Insights

How to Make Working Capital Work for Your Business


Don’t discount the one available form of capital that’s right under your nose: your own working capital.

Capital is scarce for Australian businesses, with no sign of improvement on the short-term horizon.

Raising traditional bank debt to finance business growth, acquisitions or succession planning has become incredibly challenging.

Even some of the more risk taking, high net worth investors are becoming so cautious it’s difficult to get them to invest in very worthy SMEs.

But there is a capital strategy SMEs can use now, to position their business for the upswing that will (eventually) come.

It may not be the sexiest of capital strategies, but it’s important not to disregard the least expensive type: your own working capital.

Businesses that survive a recession are those who’ve kept a close eye on working capital. They are considerably more robust and consequently more valuable when the economic pendulum swings back to “good times”.

It’s because these businesses, to survive, have had to really understand their cost base and product lines, and work extremely hard to get cash flow under control.

Really understanding your product gross margins and assessing the overheads it takes to deliver profitability is an extremely worthwhile use of your time in “hard times”.

It’s certainly a less risky option than to struggle on, waiting for the economic or business horizon to change.

3 tips for managing working capital

Running a business in this market has to become a science not just a reliance on gut feel. The better you comprehend the numbers, the better your decision-making will be.

  1. Keep it simple
    .
    Keeping the business laser-like in its focus, with careful planning and execution, allows you to grow and retain earnings, pay down debt (and the tax man) and sleep at night.
      .
    When better times return, your track record of adjusting your business – taking considered and deliberate steps to making regular and rising profits – will make banks and new potential shareholders more willing to give you expansion capital.
    .
    So be patient and do the simple stuff consistently: if this is not exciting enough for you as a business owner, employ someone else to do it.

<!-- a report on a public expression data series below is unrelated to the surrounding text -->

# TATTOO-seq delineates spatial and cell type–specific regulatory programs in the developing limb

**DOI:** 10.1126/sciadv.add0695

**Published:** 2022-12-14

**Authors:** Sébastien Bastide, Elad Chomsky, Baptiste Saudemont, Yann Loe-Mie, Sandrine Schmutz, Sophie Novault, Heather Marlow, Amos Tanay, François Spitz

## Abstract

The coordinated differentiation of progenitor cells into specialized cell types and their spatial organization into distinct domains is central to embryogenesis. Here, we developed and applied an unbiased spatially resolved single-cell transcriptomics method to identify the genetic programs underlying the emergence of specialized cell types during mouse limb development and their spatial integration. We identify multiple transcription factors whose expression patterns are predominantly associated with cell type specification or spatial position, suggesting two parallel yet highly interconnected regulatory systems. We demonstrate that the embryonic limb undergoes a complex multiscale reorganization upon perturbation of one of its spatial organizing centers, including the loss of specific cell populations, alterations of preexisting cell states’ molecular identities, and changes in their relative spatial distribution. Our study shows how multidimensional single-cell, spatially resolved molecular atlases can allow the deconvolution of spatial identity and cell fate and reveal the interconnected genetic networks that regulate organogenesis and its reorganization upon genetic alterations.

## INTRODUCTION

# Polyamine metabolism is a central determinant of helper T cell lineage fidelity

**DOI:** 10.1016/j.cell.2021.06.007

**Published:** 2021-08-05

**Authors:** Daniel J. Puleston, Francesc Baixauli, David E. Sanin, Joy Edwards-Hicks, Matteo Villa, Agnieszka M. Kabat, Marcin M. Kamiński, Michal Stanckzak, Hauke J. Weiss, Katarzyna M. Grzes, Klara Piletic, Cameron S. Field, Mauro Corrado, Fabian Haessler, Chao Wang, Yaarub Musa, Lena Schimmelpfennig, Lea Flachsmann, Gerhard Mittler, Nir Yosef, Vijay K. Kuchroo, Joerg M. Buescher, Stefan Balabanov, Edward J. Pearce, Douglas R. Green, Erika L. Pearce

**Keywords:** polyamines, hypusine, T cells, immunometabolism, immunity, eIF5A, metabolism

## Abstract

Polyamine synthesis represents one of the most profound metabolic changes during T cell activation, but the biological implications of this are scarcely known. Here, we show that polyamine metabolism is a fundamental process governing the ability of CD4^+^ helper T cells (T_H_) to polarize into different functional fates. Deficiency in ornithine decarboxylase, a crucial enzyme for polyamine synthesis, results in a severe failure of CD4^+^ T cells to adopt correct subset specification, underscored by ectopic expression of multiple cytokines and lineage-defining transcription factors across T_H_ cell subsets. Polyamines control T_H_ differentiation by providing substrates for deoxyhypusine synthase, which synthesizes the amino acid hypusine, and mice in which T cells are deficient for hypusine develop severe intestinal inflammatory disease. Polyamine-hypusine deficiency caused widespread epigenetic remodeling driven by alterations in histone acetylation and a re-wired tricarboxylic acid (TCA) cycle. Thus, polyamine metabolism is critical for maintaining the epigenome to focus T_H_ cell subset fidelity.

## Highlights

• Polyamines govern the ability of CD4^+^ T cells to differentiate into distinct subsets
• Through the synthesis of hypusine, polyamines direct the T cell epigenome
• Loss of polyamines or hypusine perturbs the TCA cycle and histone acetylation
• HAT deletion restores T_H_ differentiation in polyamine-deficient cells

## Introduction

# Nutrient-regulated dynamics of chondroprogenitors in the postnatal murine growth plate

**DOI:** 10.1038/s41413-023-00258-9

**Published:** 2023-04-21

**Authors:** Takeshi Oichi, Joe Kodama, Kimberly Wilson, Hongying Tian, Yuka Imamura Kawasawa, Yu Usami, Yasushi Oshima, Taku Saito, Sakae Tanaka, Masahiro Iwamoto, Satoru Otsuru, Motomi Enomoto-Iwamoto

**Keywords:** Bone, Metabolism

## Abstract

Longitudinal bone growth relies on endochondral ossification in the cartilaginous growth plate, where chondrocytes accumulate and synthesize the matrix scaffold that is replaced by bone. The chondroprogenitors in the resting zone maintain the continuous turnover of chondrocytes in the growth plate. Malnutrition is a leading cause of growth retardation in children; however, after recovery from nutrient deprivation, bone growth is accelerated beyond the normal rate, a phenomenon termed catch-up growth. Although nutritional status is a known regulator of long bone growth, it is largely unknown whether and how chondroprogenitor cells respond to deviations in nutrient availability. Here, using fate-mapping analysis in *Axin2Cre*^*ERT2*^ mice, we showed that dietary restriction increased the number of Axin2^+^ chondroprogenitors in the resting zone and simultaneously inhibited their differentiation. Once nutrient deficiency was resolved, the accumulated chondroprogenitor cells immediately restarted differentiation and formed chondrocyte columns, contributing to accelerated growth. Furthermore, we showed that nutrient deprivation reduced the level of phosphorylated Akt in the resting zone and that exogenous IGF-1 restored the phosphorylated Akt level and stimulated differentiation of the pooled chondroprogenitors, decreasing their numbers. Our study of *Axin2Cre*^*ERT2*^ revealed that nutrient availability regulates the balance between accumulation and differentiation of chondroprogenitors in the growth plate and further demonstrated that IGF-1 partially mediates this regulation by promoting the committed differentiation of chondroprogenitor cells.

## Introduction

.
  2. Know how much cash is tied up in your stock
      .
    Business owners usually see costs as total costs, and rarely drill down by product to find out exactly which products are delivering true gross margin.
      .
    Concentrating on a smaller range of fast moving stock lines leads to a lower working capital demand, perhaps even a lower unit cost (after negotiating a lower unit price based on increased volume) and an improved bottom line. All this helps generate the number one aim of every business – cash flow.
      .
    A fast-growth business we recently worked with found 75% of its inventory turned less than twice per year. As a consequence the business needed a bank facility to manage the cash short fall.
    .
    We helped identify slow moving products, which they are now rapidly selling off (so the bank facility can be reduced), even if the margin on aged stock has to be reduced – that’s a better outcome.
    .
    Another tip: don’t just talk to stakeholders in terms of gross margin. Talk stock turns on a per product basis – that will tell a knowing bank manager or shareholder you understand your business and which products turn into cash.
      .
  3. Get your monthly accounting in order
    .
    Prepare monthly accounts to spot trends. Then break down your revenue line into revenue per product and from there into each product’s gross margin.
    .
    Your accounting systems need to be set up so that you can easily see the true gross margin (and its relative contribution) of each product. Product costing systems are relatively sophisticated accounting systems that determine your product’s individual cost.
    .
    If these systems are beyond your budget, I’d suggest you mathematically work out the old way with pen, pencil and calculator!
    .
    To begin, work out how much raw material A, B & C is required for each product. Next work out how much time it takes to manufacture and time it. Work out the labour cost per minute – use an average hourly rate plus 30% for on costs – and add an estimate for overhead costs (which could be as much as 40% of the total cost of labour and raw materials).
      .
    Sell price less these total costs will give you a good rule of thumb for product margin. Even if it’s not 100% accurate you will notice each product’s relative contribution and be able to work out which product you should be looking to sell more of.
    .
    Be patient: tough times are a good opportunity to have a real “cold eyes” review of your business.
    .
    Once you understand your working capital drivers – that is, what products generate cash – and can demonstrate that to a potential investor (bank, shareholder or merger partner), you will have them banging down your door. Possibly sooner than you would think.

Steve Hogan is a Director of Vantage Performance, an award-winning national business transformation and turnaround firm known for its expertise and success in solving complex business challenges. Vantage was the winner of 2008, 2009, 2010, 2011 and 2012 Turnaround Management Association Turnaround of the Year Awards.

This blog first appeared as an article in the September 2012 issue of Dynamic Business magazine.

Related Blogs

Talk directly
with our specialists
Michael Fingland
Andrew Birch VP

Call Michael Fingland Email View Michael Fingland on LinkedIn

Michael Fingland

My philosophy is that there is always a way to solve a crisis, as long as you’re engaged early enough.

Call Andrew Birch Email View Andrew Birch on LinkedIn

Andrew Birch

Cooperative leadership teams that develop prioritised actions to progress towards clear strategic objectives can achieve long-term business viability.